EVERETT – Bernie Webber, an icon of the Snohomish County art scene, died Sunday in Everett.
Webber, 83, was an internationally known watercolorist who captured images of Everett, the city he loved, and its people, famous and not-so-famous. He drew historical-themed murals in more than 50 public buildings, including schools, the courthouse and hospitals.
Son Rich Webber called his father “the greatest graffitiist in Everett’s history.”
Rich Webber, one of 10 children of Bernie and Joy Webber, went on to say that his father had shared his love of the world around him with his family and with Everett, his native city.
“He would always point out the sky, the colors, the textures, and to this day I point those same things out to my family,” Rich Webber said. “We all have recognized his influence in our lives.”
Webber was named Artist of the Year in 2004 by the Arts Council of Snohomish County.
Most recently, a new scholarship in his honor, the Bernie Webber Scholarship Endowment Fund, was established by the Rotary Club of Everett, of which Webber was a member for 53 years. The scholarship will be offered to students who plan to pursue a career in art.
Over the years, Webber donated enough art to raise hundreds of thousands of dollars for Rotary-related auctions and other projects, said Everett Mayor Ray Stephanson.
“It’s a huge loss for our community,” Stephanson said Monday. “Besides being a gifted artist, he’s an incredible human being and a community treasure.”
During Wednesday’s Everett City Council meeting, the city is expected to pass a special resolution honoring Webber’s contribution to the city, the mayor said.
Inside the downtown Wall Street building that houses city offices hang 33 portraits of Everett’s past mayors, all drawn by Webber and set in historically appropriate backdrops. Stephanson sadly noted that his face will not be among those Webber portraits.
Stephanson was hopeful that a statue or some other prominent structure in Webber’s honor will be erected at the site of Artspace, a regional arts center where artists would live and work. Artspace is planned to open in downtown Everett in 2009.
Glass artist Stan Price and the Arts Council of Snohomish County brought together 35 diverse local artists for a group project involving fused and painted glass tiles that were assembled into a “glass quilt” that was sold earlier this year to help raise money for Artspace. One of the panels is a Bernie Webber image. It’s not an original drawing because Webber’s health had been deteriorating.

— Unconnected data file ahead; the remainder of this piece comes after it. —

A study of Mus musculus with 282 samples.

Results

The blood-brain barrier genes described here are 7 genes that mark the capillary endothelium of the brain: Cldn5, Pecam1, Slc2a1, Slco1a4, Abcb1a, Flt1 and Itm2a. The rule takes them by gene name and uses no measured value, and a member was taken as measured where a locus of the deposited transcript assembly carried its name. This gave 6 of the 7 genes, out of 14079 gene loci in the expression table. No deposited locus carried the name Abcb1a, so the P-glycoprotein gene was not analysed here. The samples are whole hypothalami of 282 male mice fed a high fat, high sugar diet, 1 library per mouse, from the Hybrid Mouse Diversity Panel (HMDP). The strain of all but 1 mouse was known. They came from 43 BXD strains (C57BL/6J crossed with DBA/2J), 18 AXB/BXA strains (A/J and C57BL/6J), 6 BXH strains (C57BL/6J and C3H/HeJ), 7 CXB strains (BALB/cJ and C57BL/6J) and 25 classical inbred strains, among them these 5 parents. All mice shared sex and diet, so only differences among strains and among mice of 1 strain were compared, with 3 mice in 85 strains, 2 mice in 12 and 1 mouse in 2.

Webber had suffered from an inoperable brain tumor, his son said. Most recently, several strokes and the side effects of medication took their toll. Webber died at Providence Everett Medical Center’s Pacific Campus on Sunday.
Webber’s legacy is all over Everett. His murals can be found in the Snohomish County administration building and at the Boeing Co. and Paine Field. He illustrated annual reports for the Snohomish County PUD and Associated Sand and Gravel. One painting was even featured on a bank credit card.
Webber did work for the Port of Everett and for the U.S. Navy. He wound up doing the first drawings of Naval Station Everett. Today, every ship that uses Everett as its port has a Webber painting on board, Mayor Stephanson said.
Webber was a graduate of the Art Center School of Design in Los Angeles. His representational style and bright palette captured images of all aspects of life in the Northwest: warships, streetcars, venerable homes, old farmsteads, markets, mountains and Husky stadium.
Longtime friend and local historian Larry O’Donnell, who is retired from the Everett School District’s facilities department, worked with Webber on a goal: to get a Webber mural in every Everett school in the district.
There are 26 schools with murals; only four schools are without, O’Donnell said.
“He had a unique quality,” O’Donnell said.
O’Donnell called himself blessed to have worked with Webber on two history books, one on the Everett School District and a more recent one called “Snohomish County: An Illustrated History.” Webber illustrated the covers for both.
“I was so proud,” O’Donnell said Monday. “It was just another one of those things that brought us close together.”
Rich Webber said that if he could paint a portrait of his father, he’d need a large canvas to paint a man who was a hard worker, a family man who gave to his community – an Everett man through and through.
“That was my father,” Rich Webber said.
In addition to his 10 children, Webber leaves his wife, Joy, 17 grandchildren and one great-grandchild.
Plans for services have not been made public yet.
Arts writer Theresa Goffredo: 425-339-3424 or email@example.com.